Jonathan Franzen’s Freedom illustrates, crankily, the joys of the old-timey literary novel.


And yet here he comes again, with another 500-page novel that looks—from a distance—basically exactly like his last one. Freedom is a close cousin to The Corrections: a social-realist epic about a depressive, entropic midwestern family being swallowed and digested by the insatiable anaconda of modernity. The Corrections told the story of the Lamberts—Arthur and Enid and their three children. Freedom tells the story of the Berglunds—Walter and Patty and their two children. Instead of St. Jude (a proxy for St. Louis) we have St. Paul. Instead of a dubious get-rich-quick scheme exploiting the post-Soviet chaos in Lithuania, we have a dubious get-rich-quick scheme exploiting the war in Iraq. Like its predecessor, Freedom is heavy on psychology and extramarital affairs and earnest speechifying (capitalism, overpopulation, Israel). It is, in other words, classic Precambrian Franzen: a ready-made literary fossil. It’s hard not to be at least a little preemptively bored.


And, indeed, the book would probably be insufferably dull if it weren’t for the fact that it also happens to be a work of total genius: a reminder both of why everyone got so excited about Franzen in the first place and of the undeniable magic—even today, in our digital end-times—of the old-timey literary novel.

However similar Franzen’s novels might look from a distance, there’s always one key distinction: They’re populated by different people. Few modern novelists rival Franzen in that primal skill of creating life, of tricking us into believing that a text-generated set of neural patterns, a purely abstract mind-event, is in fact a tangible human being that we can love, pity, hate, admire, and possibly even run into someday at the grocery store. His characters are so densely rendered—their mental lives sketched right down to the smallest cognitive micrograins—that they manage to bust through the art-reality threshold: They hit us in the same place that our friends and neighbors and classmates and lovers do. This is what makes Franzen’s books such special events, and so worth the alarmingly sustained attention it can require to process them. (This is also why it was so irritating, earlier this year, when David Shields, in his buzzy “manifesto” Reality Hunger, casually dismissed Franzen as someone not worth reading at all. Either Franzen is a prime example of the art-reality nexus Shields is talking about, or Shields is talking about nothing.)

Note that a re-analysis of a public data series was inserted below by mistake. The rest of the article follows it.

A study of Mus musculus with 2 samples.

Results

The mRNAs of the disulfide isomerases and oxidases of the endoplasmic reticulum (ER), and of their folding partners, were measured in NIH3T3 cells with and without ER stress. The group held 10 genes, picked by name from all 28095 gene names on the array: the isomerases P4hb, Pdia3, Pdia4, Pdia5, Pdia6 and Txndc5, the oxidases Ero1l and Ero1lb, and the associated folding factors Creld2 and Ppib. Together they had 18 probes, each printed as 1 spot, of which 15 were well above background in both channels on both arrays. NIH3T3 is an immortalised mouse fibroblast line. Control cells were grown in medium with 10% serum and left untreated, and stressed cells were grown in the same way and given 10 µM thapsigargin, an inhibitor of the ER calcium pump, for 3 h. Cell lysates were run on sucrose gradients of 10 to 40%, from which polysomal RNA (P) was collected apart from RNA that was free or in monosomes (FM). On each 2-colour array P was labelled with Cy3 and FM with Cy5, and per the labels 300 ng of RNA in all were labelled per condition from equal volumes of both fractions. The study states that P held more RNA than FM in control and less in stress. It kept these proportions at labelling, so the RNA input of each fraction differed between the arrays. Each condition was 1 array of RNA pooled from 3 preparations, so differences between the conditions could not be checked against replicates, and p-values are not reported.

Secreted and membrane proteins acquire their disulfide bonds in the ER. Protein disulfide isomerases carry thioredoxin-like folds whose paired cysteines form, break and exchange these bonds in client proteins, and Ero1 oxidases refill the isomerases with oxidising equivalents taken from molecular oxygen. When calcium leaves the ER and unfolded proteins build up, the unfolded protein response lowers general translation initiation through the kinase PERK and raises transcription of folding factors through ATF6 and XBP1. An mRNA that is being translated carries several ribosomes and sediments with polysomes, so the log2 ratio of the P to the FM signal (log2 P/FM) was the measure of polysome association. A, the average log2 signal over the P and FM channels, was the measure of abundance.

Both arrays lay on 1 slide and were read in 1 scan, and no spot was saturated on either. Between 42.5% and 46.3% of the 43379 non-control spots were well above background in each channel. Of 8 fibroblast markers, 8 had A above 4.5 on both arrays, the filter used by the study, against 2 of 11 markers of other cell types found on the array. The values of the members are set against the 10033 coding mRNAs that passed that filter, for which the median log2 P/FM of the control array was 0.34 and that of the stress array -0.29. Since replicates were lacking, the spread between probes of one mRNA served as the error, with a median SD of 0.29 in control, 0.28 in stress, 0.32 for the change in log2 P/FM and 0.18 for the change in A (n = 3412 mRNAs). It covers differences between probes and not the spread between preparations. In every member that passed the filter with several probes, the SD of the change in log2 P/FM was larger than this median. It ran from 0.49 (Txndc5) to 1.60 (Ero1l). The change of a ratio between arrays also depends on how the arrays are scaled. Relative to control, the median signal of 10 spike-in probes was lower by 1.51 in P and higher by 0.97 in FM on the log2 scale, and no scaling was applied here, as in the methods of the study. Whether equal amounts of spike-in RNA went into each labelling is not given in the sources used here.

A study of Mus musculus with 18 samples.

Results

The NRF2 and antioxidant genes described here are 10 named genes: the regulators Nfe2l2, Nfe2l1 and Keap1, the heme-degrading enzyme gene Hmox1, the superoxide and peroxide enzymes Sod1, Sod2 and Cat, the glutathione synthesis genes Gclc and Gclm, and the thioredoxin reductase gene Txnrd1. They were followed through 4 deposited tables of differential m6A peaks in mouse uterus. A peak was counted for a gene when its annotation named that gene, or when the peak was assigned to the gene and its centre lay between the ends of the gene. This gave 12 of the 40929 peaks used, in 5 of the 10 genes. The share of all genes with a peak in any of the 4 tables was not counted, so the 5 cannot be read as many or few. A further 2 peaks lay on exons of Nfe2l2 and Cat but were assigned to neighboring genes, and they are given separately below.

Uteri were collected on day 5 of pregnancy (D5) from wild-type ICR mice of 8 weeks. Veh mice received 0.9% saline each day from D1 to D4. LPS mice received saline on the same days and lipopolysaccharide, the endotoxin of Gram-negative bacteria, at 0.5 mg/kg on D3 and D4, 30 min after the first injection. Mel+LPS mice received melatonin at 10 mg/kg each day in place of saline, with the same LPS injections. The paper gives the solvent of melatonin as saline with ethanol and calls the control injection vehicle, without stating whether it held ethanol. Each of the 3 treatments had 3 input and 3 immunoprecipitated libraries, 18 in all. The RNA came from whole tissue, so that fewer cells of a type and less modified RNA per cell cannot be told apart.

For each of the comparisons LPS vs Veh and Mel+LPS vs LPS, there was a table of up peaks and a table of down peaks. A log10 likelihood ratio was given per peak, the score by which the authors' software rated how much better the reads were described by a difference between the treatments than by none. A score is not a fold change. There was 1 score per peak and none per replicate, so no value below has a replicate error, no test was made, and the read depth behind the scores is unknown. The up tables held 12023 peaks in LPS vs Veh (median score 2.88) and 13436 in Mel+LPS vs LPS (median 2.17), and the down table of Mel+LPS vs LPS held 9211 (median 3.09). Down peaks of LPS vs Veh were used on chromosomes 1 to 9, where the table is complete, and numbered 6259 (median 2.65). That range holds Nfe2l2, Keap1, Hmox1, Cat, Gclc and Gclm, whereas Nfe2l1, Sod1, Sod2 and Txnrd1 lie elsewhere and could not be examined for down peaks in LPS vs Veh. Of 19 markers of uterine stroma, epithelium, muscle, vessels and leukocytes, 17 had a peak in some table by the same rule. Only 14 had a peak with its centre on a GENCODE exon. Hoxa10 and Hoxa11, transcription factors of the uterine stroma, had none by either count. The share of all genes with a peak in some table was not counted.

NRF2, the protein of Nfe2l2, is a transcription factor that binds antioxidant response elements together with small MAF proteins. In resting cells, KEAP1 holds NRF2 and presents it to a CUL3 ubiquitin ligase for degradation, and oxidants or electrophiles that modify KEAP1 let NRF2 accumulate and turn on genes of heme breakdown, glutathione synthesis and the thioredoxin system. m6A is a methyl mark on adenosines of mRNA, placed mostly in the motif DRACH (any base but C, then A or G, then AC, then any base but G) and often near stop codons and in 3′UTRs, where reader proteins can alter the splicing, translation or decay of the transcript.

Like every Franzen novel, Freedom tells a lot of stories, and it spreads them over many decades and several continents. It tracks the rise of a rock star, the gentrification of a city neighborhood, the tragic death of a basketball career, the suburbanization of a nameless country pond, and the dirty birth of an international bird sanctuary. The book’s central drama, however, is an old-fashioned love story: the tumultuous lifelong relationship between Walter and Patty Berglund. Walter is a nature lover who works hard to suppress his anger and provide for everyone around him. Patty is a college basketball star who blows out her knee and becomes a housewife. Each fills certain gaping spiritual holes for the other until eventually, over the years, their relationship becomes hellaciously complex: It turns into a love triangle, then a quadrangle, then a triangle again, then maybe into some kind of lopsided rhombus missing a couple of its sides, then into just a handful of scattered points. Patty calls it “a terrible confusion of the heart.” As the novel progresses, we see this agony from many different perspectives—Walter’s, Patty’s, their son Joey’s, their friend Richard’s—and each shift subtly tweaks the story, swinging blame, exposing motives, recasting villains as heroes and heroes as villains.

I hadn’t expected to be nearly so engaged by all of this. I picked Freedom up out of a sense of duty, then read it semi-addictively and finished it in just a few days. The difference between reading Franzen firsthand and thinking about him from a distance is the difference between having a dream and trying to tell someone about it three years later. I had forgotten the special pleasures of living inside a Franzen text: the precision with which he charts the excruciating compromises of adulthood; the order he imposes on his characters’ muddled self-consciousness; the strange catharsis of self-sabotage and psychic pileups; the escalating comedy. (There’s a classic scene in which Joey, after accidentally swallowing his wedding ring, is forced to deal with the digestive consequences several days later while sharing a luxury hotel room with another woman.) Some of Freedom’s sentences are so well-written you want to pluck them out, stab them with little corn holders, and eat them: “Like a cold spring at the bottom of a warmer lake, old Swedish-gened depression was seeping up inside him.” And the stakes here feel a little higher than they did in The Corrections. Franzen seems more deeply invested in his characters’ happiness. He’s tilted the compassion:contempt ratio slightly toward the former. I found myself identifying with the book—thinking in new ways about recent events in my friends’ lives, in my own life. It made me think, many times, of one of David Foster Wallace’s favorite edicts about fiction: that the good stuff can make readers feel less lonely.